YouTube channel Crash Course is starting a new series on what is perhaps the most social of social sciences: Sociology.
The social sciences, such as sociology, but also psychology, economics, anthropology, and other similar fields get a lot of grief from people about not being “real” science. This criticism is typically justified by noting that scientific theories are about making predictions, and the ability of the social sciences to make predictions seems far weaker than, say, particle physics. Economists couldn’t predict when the Great Recession was coming, the argument goes, so it’s not a science.
But this ignores the fact that predictions are not always possible in the natural sciences either. Physics is the hardest of hard sciences, but it’s married to astronomy, an observational science. Astronomers can’t predict when the star Betelguese will go supernova. But they still know a great deal about star life cycles, and can tell that Betelguese is in a stage where it could go any time in the next few million years.
Likewise biologists can’t predict when and how a virus will mutate. They understand evolution well enough to know that they will mutate, but predicting what direction it will take is impossible. Meteorologists can’t predict the precise path of a hurricane, even though they understand how hurricanes develop and what factors lead to the path they take.
The problem is that these are matters not directly testable in controlled experiments. Which is exactly the problem with predicting what will happen in economies. In all of these cases, controlled experiments, where the variables are isolated until the causal link is found, are impossible. So scientists have little choice but to do careful observation and recording, and look for patterns in the data.
Just as an astronomer knows Betelguese will eventually go supernova, an economist knows that tightening the money supply will send contractionary pressures through the economy. They can’t predict that the economy will definitely shrink if the money supply is tightened because other conflating variables might affect the outcome, but they know from decades of observation that economic growth will be slower than it otherwise would have been. This is an important insight to have.
In the same manner, many of the patterns studied in the other social sciences don’t provide precise predictive power, but they still give valuable insights into what is happening. And again, there are many cases in the natural sciences where this same situation exists.
Why then all the criticism of the social sciences? I think the real reason is that the results of social science studies often have socially controversial conclusions. Many people dislike these conclusions. Often these people are social conservatives upset that studies don’t validate their cherished notions, such as traditionally held values. But many liberals deny science just as vigorously when it violates their ideologies.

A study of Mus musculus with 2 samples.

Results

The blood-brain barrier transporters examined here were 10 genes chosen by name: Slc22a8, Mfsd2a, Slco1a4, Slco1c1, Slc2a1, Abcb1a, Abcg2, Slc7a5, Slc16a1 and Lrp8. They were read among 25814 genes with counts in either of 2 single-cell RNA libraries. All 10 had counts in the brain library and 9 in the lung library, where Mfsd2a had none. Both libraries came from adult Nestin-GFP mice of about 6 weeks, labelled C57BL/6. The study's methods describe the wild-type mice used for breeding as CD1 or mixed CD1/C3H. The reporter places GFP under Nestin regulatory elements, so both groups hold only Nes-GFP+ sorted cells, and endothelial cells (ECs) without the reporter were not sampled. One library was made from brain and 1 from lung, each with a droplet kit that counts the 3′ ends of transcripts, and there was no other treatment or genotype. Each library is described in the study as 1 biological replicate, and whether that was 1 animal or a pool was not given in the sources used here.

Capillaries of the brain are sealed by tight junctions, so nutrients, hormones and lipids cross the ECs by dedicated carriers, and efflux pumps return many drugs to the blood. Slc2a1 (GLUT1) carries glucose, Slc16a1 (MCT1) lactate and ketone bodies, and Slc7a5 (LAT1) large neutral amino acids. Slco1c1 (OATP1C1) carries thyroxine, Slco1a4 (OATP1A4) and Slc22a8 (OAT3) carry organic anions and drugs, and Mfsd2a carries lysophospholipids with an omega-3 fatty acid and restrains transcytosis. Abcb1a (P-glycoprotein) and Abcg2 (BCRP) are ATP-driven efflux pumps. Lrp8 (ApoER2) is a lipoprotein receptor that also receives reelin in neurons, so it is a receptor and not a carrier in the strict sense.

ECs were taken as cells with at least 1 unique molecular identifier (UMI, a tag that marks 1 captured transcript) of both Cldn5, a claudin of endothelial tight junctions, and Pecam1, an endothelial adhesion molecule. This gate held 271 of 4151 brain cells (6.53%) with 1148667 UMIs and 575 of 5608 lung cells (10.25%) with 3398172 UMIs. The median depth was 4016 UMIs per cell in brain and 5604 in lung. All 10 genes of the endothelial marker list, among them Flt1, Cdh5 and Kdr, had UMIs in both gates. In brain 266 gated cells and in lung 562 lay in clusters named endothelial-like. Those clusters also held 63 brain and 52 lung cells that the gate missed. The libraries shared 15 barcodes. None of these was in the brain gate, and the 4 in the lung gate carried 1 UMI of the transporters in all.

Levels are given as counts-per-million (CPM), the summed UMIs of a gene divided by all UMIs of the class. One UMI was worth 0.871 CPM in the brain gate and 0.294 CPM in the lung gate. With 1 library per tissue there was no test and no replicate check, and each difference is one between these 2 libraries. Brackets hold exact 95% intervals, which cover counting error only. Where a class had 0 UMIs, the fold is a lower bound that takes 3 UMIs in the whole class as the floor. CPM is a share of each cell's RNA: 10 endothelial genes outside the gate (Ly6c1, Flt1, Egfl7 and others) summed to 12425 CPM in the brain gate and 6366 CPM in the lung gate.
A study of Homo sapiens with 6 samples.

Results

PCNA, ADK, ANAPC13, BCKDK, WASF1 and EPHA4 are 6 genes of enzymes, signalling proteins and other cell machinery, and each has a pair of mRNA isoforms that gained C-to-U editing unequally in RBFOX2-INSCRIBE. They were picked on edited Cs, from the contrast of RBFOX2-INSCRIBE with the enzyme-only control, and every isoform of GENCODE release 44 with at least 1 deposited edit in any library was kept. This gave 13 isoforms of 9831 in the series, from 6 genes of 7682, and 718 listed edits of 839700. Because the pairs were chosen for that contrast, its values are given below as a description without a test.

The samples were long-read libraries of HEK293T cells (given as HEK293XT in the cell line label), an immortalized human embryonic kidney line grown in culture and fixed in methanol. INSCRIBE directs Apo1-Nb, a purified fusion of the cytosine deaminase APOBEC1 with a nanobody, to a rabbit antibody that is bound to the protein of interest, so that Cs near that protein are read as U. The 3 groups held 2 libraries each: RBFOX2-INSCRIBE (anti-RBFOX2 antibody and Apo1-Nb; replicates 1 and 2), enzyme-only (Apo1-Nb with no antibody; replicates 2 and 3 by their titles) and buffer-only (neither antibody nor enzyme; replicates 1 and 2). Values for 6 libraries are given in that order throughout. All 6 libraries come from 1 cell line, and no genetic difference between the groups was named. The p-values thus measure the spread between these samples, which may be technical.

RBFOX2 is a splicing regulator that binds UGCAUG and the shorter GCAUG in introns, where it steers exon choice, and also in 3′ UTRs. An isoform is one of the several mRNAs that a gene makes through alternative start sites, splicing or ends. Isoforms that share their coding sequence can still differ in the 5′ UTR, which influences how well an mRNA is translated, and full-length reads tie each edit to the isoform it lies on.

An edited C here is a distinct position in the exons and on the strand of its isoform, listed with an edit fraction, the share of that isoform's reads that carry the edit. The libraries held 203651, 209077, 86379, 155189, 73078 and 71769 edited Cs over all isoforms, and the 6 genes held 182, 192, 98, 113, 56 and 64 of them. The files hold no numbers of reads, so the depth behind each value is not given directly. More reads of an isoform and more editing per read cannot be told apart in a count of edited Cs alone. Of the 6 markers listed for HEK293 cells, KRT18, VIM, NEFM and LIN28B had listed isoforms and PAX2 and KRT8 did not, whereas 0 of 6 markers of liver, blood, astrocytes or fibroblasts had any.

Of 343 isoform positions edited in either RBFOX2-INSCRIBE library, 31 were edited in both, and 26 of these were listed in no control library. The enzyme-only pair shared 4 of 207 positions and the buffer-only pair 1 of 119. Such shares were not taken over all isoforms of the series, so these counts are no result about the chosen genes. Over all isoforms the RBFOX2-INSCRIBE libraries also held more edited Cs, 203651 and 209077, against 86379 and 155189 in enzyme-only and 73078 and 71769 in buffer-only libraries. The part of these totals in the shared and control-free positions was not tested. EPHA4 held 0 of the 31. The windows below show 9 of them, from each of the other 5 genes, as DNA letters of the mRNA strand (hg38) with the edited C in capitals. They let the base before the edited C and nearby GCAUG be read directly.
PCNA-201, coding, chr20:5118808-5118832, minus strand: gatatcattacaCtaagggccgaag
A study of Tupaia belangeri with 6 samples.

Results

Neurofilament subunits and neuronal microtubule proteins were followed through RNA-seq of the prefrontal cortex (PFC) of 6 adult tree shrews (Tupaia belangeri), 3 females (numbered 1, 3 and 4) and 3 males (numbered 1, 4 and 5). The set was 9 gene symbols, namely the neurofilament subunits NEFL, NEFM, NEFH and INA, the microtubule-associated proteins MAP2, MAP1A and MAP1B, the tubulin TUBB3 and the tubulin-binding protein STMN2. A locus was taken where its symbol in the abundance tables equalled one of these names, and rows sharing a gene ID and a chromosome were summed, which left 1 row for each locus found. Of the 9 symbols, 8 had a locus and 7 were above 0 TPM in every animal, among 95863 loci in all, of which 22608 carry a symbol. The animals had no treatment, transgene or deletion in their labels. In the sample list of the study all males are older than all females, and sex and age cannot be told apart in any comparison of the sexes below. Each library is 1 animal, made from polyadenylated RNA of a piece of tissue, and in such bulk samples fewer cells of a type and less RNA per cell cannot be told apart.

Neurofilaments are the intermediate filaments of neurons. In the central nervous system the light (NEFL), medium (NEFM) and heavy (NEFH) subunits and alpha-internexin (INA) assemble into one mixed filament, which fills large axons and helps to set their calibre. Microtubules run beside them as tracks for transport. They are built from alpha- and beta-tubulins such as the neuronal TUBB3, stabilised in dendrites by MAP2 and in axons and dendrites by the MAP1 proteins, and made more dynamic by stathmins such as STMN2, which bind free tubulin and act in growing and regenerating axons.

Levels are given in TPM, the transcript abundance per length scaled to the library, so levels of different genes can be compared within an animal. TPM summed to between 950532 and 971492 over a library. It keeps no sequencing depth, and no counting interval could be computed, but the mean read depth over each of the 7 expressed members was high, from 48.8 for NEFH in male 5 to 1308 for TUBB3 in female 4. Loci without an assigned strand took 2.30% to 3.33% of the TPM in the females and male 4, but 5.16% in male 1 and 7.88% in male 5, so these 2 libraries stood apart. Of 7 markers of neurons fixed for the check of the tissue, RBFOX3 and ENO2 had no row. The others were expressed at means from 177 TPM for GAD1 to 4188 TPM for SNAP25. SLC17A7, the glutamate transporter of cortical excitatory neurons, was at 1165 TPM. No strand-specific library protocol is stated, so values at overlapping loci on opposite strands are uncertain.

Not that everything is ideal in these fields. I think anthropology ethnographers often get too close to their subject matter, living among the culture they’re studying for years at a time. While this provides deep insights not available through other methods, it taints any conclusions with the researcher’s subjective viewpoint. Often follow up studies don’t have the same findings. This seems to make ethnographies, a valuable source of cultural information, more journalism than science.
And psychology has been experiencing a notorious replication crisis for the last several years, where previously accepted psychological effects are not being reproduced in follow up studies. But the replication crisis was first recognized by people in the field, and the field as a whole appears to be gradually working out the issues.
When considering the replication crisis, it pays to remember the controversy over the last several years in theoretical physics. Unable to test their theories, some theorists have called for those theories not to be held to the classic testing standard. Many in the field are pushing back, and theoretical physics is also working through the issues.
In the end, science is always a difficult endeavor, even when controlled experiments are possible. Looking at the world to see patterns, developing theories about those patterns, and then putting them to the test, facing possible failure, is always a hard enterprise.
It’s made more difficult when your subject matter have minds of their own with their own agendas, and can alter their behaviors when observed. This puts the social sciences into what philosopher Alex Rosenberg calls an arms race, where science uncovers a particular pattern, people learn about it, alter their behavior based on their knowledge of it, and effectively change the pattern out from under the science.
But like all sciences, it still produces information we wouldn’t have otherwise had. And as long as it’s based on careful rigorous observation, with theories subject to revision or refutation on those observations, I think it deserves the label “science”.